For the record. I think the Japanese government and the Tokyo Electric Power Co. need to do more and be a lot more transparent in providing timely (close to real time) updates to the Japanese people and the world at large. Emphasis added.
As dangerous levels of radiation leaked from four crippled nuclear reactors in Japan’s earthquake-ravaged northeast Tuesday, Naoto Kan, the Prime Minister, stormed into an executive meeting of Tokyo Electric Power Co. and demanded to know, “What the hell is going on?”
According to the Kyodo news agency, whose reporter overheard the angry exchange, he was livid over hearing of Japan’s latest brush with nuclear catastrophe at the same time a panicked public was being told a third explosion at the stricken Fukushima Daiichi nuclear power plant had led to a dangerous leak spreading radioactive clouds as far south as Tokyo.
“The TV reported an explosion. But nothing was said to the Premier’s office for about an hour,” Mr. Kan fumed.
“What the hell is going on?”
Within hours, the Japanese PM had announced he was personally taking control of crisis management at Fukushima. He appointed a committee of government and TEPCO officials to report directly to him; had the transport ministry impose a no-fly zone for 30 kilometres around the badly damaged plant; and ordered Japan’s Self-Defence Forces to shift their attention to relief, instead of rescue.
Later, at a nationally televised news conference, where he spoke to reporters while dressed in a powder-blue emergency services jump-suit, Mr. Kan acknowledged the radiation peril and called for calm.
“There is a danger of even higher radiation levels,” he said.
“We are doing everything we can to contain the leakage. I know that people are very worried, but I would like to ask you to act calmly.”
For a brief moment there was a flash of explosive temper that brought Mr. Kan to political prominence nearly 20 years ago. He earned the nickname “Ira-Kan” (Irritable Kan) as a crusading health minister who blamed bureaucrats in his ministry for failing to prevent, then covering up, the use of HIV-tainted blood products in an AIDS scandal.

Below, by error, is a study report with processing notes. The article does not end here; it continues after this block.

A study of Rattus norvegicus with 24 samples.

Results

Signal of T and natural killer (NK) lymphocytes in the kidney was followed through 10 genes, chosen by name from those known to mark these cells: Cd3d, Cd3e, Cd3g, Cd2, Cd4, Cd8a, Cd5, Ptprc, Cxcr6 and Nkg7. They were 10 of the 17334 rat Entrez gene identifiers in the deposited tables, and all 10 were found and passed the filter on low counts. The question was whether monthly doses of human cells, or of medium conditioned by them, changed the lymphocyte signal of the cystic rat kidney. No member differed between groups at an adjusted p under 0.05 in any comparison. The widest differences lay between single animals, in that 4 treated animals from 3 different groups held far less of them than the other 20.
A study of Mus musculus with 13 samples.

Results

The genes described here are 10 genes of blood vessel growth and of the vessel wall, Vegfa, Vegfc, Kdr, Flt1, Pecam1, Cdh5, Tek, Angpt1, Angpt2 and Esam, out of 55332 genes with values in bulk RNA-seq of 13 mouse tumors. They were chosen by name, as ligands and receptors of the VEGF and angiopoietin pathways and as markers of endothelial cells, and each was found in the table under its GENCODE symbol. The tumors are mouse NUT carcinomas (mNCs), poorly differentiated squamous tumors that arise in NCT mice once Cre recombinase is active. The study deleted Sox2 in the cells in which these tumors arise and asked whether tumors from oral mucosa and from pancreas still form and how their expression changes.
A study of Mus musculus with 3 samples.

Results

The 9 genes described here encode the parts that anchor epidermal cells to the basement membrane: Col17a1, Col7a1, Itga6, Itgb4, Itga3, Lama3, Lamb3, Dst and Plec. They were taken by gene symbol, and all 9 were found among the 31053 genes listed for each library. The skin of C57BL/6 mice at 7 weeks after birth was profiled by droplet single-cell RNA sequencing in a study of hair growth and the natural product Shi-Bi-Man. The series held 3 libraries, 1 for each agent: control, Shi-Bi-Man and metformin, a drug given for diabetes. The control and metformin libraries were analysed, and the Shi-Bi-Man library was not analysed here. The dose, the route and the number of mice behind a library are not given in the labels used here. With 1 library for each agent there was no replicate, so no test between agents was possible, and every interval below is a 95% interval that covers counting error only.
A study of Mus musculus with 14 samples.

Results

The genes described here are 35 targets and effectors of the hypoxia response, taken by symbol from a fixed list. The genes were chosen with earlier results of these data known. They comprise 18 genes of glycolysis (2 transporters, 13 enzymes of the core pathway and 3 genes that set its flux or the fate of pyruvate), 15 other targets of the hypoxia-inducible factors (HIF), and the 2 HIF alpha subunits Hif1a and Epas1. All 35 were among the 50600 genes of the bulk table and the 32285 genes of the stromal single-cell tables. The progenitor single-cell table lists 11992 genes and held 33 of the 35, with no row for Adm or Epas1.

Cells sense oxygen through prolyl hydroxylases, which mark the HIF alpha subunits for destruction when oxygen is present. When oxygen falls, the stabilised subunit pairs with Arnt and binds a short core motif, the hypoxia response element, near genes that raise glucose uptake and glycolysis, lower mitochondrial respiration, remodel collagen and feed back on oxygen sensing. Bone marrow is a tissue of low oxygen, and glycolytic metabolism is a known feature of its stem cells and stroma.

Over the years, however, he morphed into an uninspiring and relatively ineffective prime minister as he struggled unsuccessfully to unite a divided parliament and tackle the country’s economic stagnation.
Just hours before the 9.0-magnitude earthquake hit last Friday, changing the face of Japan, Mr. Kan was fighting for his political life.
Opposition parties were pressing for him to resign or call a new election by refusing to pass a vital budget bill; 16 rebellious MPs in his party were lobbying for his removal as party leader; and a parliamentary committee was investigating claims he had committed a criminal offence by taking election donations from a non-Japanese.
On Friday morning, Mr. Kan told the committee he wasn’t about to resign, but admitted he had accepted $12,000 from a Korean businessman he thought was Japanese.
His Foreign Minister, Seiji Maehara, was forced to resign on March 6 for accepting a similar $3,000 donation from a Korean-barbecue-shop owner in Kyoto.
Mr. Kan appeared poised for ignominious failure. His public approval rating stood at a record low 20%.
That was before the earthquake and tsunami killed thousands, caused US$180-billion of destruction, pummeled the world’s third-largest economy, and threatened a major environmental and health crisis.
Now the Prime Minister has a chance to redeem himself by leading a people who have shown nothing but calm, quiet courage throughout their ordeal.
Despite some confusion and conflicting statements surrounding government attempts to control the rapidly evolving crisis, Mr. Kan has adopted a workman-like approach to trying to resolve Japan’s calamities.
Mr. Kan urged opposition MP to join him to “save the country;” ordered troops to conduct a massive rescue effort; and shut down high-risk nuclear plants and transport systems.
He also ordered the country’s central bank to pump more than US$184-billion into international money markets to cushion the economic fallout that still stripped Japan’s stock market of nearly 14% of its value.
After touring the tsunami- and earthquake-ravaged northeast by helicopter Saturday, Mr. Kan appeared on national television, promising “to save as many lives as we can, especially today, tomorrow and the day after.”
“We have to hang tough,” he said. “The earthquake, tsunami and nuclear incident have been the biggest crisis Japan has encountered in 65 years since the end of World War Two.”
“We are under scrutiny on whether we, the Japanese people, can overcome this crisis,” he went on. “I promise that I will risk my life on this job.”
The note of stubborn defiance might not rally a naturally stoic and conservative people, but it could still salvage the Prime Minister’s career.
“I don’t think people are necessarily looking for inspiration or charisma, but competence. Someone who can do what needs to be done to rescue people and come up with a plan for reconstruction, and contain the nuclear situation,” Koichi Nakano, a professor at Tokyo’s Sophia University, told Reuters.
Mr. Kan knows, if he can bring relief to his troubled nation, he can emerge as a hero.
But then he already believes in redemption.
In 2004, while leader of the opposition, he was exposed as an adulterer and became ensnared in a pension fund scandal, after failing to pay required contributions while he was health minister.
Disgraced and desperate, he resigned as party leader, shaved his head, donned traditional Buddhist garb and went on a pilgrimage to 88 Buddhist temples on the island of Shikoku.
Before long, he had returned to politics, became finance minister and ultimately, last June, Prime Minister.